An Interview With Roee Lotan: The Man Behind The Screen

Courtesy of Roy Lotan
Courtesy of Roy Lotan
Deborah Moher

In this modern technological age we spend most of our day behind some sort of a screen, either a desktop, laptop, iPhone, even an ATM machine. We come to accept that these screens are designed for user friendly experiences and the modern touch-screen technology just increases our convenience. For some of us, it might be surprising to discover that nowadays there is a group of designers with a specific skill set catered to ensure to our experience is as clean and efficient as possible. Roee Lotan, a talented and experienced ‘designer for screens’ refuses to confine his activity to a specific job title, as we find out in an exclusive interview with him.

Roee Lotan Courtesy of Yael Engelhart

What brought you to this career, what was your background’

My first encounter with the creative world was through photography as a child, I was drawn to this world by the influential work of Bernd and Hilla Becher, Robert Mapplethorpe and Andreas Gursky blew my mind when they drew new limits to my perception of content, aesthetics and form. My first professional shift took place in Central Saint Martins in London in 2004 where I was encouraged to explore my abilities in the design discipline, it felt comfortable to express myself with the tools i’ve learnt in photography and exciting to learn a new dialect of the same language. I then progressed into a more technically graphic expression in the Bezalel Academy of Art and Design. At Bezalel, I also learned to code, and that’s when I decided I wanted to work in a field where aesthetics, function and business goals are equally important. I opened my first design studio in 2010 and co-founded two start-ups since.

Why do you think it’s hard to find a job title for what you do?

The field of graphic design today encompasses a variety of skills. Designers today need to master the emotional, cultural, mental and technical aspects of ‘experience design.’ A designer must act as a know-all-narrator walking the user through a pre known story, very much like those books from the 80’s, “If you want to fight the Hydra go to page 78, to save the princess go to page 21”.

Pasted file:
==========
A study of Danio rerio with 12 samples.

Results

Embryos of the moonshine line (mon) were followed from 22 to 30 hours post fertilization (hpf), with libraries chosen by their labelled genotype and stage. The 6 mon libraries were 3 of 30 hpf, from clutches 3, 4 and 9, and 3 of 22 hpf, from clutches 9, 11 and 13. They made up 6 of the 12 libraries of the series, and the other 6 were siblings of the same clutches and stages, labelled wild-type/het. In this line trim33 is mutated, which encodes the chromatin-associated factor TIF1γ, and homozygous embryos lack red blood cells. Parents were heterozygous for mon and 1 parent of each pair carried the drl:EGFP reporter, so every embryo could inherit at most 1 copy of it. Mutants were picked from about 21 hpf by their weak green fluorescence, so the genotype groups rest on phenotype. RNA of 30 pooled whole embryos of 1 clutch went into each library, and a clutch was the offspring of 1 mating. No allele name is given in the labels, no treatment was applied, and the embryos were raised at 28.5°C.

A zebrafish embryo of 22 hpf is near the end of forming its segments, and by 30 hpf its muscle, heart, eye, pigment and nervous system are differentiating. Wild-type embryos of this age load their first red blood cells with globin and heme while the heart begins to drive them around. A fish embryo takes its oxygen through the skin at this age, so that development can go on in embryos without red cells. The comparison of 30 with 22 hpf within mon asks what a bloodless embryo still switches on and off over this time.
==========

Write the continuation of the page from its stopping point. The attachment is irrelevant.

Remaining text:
Courtesy of Roee Lotan

As a designer how differently do you see the world’

I think designers play an essential role in envisioning the face of the future as our job is to improve in each version, it’s called “Kaizen” in Japanese, meaning ‘change for better’. I think this is the essential core of what we do.Change for better can be everywhere, making day to day life slightly better through seamless experiences, from ordering your coffee in the morning to paying utility bills online. I see myself as a contributor in this sense as I find a great deal of importance in deciding who you want to work with; in my next business venture I aim to focus on creating meaningful products. I aim to partner with individuals and companies who recognize something wrong/ugly/unbearable in the world, and make it their mission to do something about it.

Courtesy of Roee Lotan

What is the future in screen designing?

I might be stating the obvious but the world as we know it is changing rapidly, screens are becoming more common, technology is now able to get more to a smaller real estate so they have to be more function centered, the content has to fit the medium and the different sizes of screens need to show different types of information to serve a specific function. I believe the designer’s job in the future will focus on multiple screens content adaptation and how to create an experience out it, a well designed system will know to foresee the information might required by the user and hand it to him wrapped in the most pleasant way. At the end of the day, the best design is the one you don’t see, users don’t need to recognize a good design, they just have to say “it just works”.

Courtesy of Roee Lotan

For more work and info on Roee Lotan,
Interview by Deborah Moher, The Culture Trip’s Tel Aviv Director of Culture. Catch us on our TLV Twitter and Instagram.